Newcomers to coastal South Carolina may have heard that some housing developers and institutions are scrubbing the word “plantation” from their names, but the Morris Center for Lowcountry Heritage exhibitions director said she’s learned many Northern-born residents don’t fully understand why the term is so politically charged.
“We have a lot of people who are not from here, and a lot of them don’t have much of a baseline. They say, ‘We never talked about the South,’ which as a Southerner never dawned on me,” said Kayleigh Vaughn, who designed the Ridgeland museum’s newest exhibit, Beyond the Oaks: Lowcountry Plantations.
The exhibit, which debuted in May and will remain on view until April 2020, is supposed to help make up for the history lessons that visitors might have missed, either because their school curricula overlooked or misrepresented the Southern plantation system.
“I had to purge my mind of a lot of what was taught to me in my history classes,” historian Joseph McGill, founder of the Slave Dwelling Project, said in a 25-minute introductory video produced for the exhibit. At the video’s start, McLeod Plantation interpretation coordinator Shawn Halifax explains that “plantation” is now commonly considered a “euphemism for slave labor camps.”
But the Morris Center exhibit acknowledges there are an array of associations with the word, especially in a region where wealthy Northerners more than a century ago remade the sites of horrific human rights abuses as tony hunting camps.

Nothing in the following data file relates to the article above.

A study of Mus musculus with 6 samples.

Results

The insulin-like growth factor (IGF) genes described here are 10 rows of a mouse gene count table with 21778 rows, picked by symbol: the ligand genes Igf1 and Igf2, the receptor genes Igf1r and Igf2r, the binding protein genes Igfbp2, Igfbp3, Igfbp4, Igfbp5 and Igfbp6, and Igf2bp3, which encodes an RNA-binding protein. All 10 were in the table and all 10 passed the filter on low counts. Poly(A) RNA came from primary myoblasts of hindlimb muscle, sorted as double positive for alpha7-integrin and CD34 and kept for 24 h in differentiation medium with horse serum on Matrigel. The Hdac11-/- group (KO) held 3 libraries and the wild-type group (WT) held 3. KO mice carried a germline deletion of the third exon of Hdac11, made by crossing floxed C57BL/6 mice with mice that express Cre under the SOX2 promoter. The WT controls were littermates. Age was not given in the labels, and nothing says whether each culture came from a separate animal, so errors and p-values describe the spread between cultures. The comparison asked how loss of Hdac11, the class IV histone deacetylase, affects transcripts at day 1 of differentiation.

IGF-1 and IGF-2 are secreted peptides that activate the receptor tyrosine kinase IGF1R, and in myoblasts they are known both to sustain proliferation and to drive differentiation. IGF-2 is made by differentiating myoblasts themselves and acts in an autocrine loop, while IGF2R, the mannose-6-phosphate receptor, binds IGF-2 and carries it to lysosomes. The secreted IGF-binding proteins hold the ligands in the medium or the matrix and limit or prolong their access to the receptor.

“We’re not glossing over anything, but there are people who have different perspectives,” Vaughn said, referring to an exhibit adviser who’s descended from the owners of Roseland Plantation. For him, the family plantation is tied up with warm memories of togetherness and tradition. “We don’t want anyone to feel lesser in this conversation, but we want people to think about the conversation going forward.”
According to Vaughn, museum leaders recognized “this was going to be a sensitive topic.” In order to make discussion of it more productive, they’ve scheduled a series of tie-in events. Before the exhibit closes, the museum plans to convene a panel of scholars to address visitor reactions.
For the exhibit, Vaughn furnished the Morris Center’s small gallery with plantation artifacts, such as shackles and a branding iron, representations of plantations in popular culture, such as a thimble from Boone Hall and a Scarlett O’Hara doll and touchable objects, such as clumps of picked cotton. On their way out, visitors are asked to fill out a card with the printed prompt “What does ‘plantation’ mean to you?”
An early visitor to the exhibit responded, “A place where history happened. Some of it was not so nice.”
As Vaughn said, “The relationship of the races in this area is all impacted by the plantation.”
Morris Center for Lowcountry Heritage, 10782 S. Jacob Smart Blvd., Ridgeland, SC. Open Tuesday through Saturday from 10:00am to 5:00pm. There is no admission fee. For more information, call 843-284-9227 or visit morrisheritagecenter.org.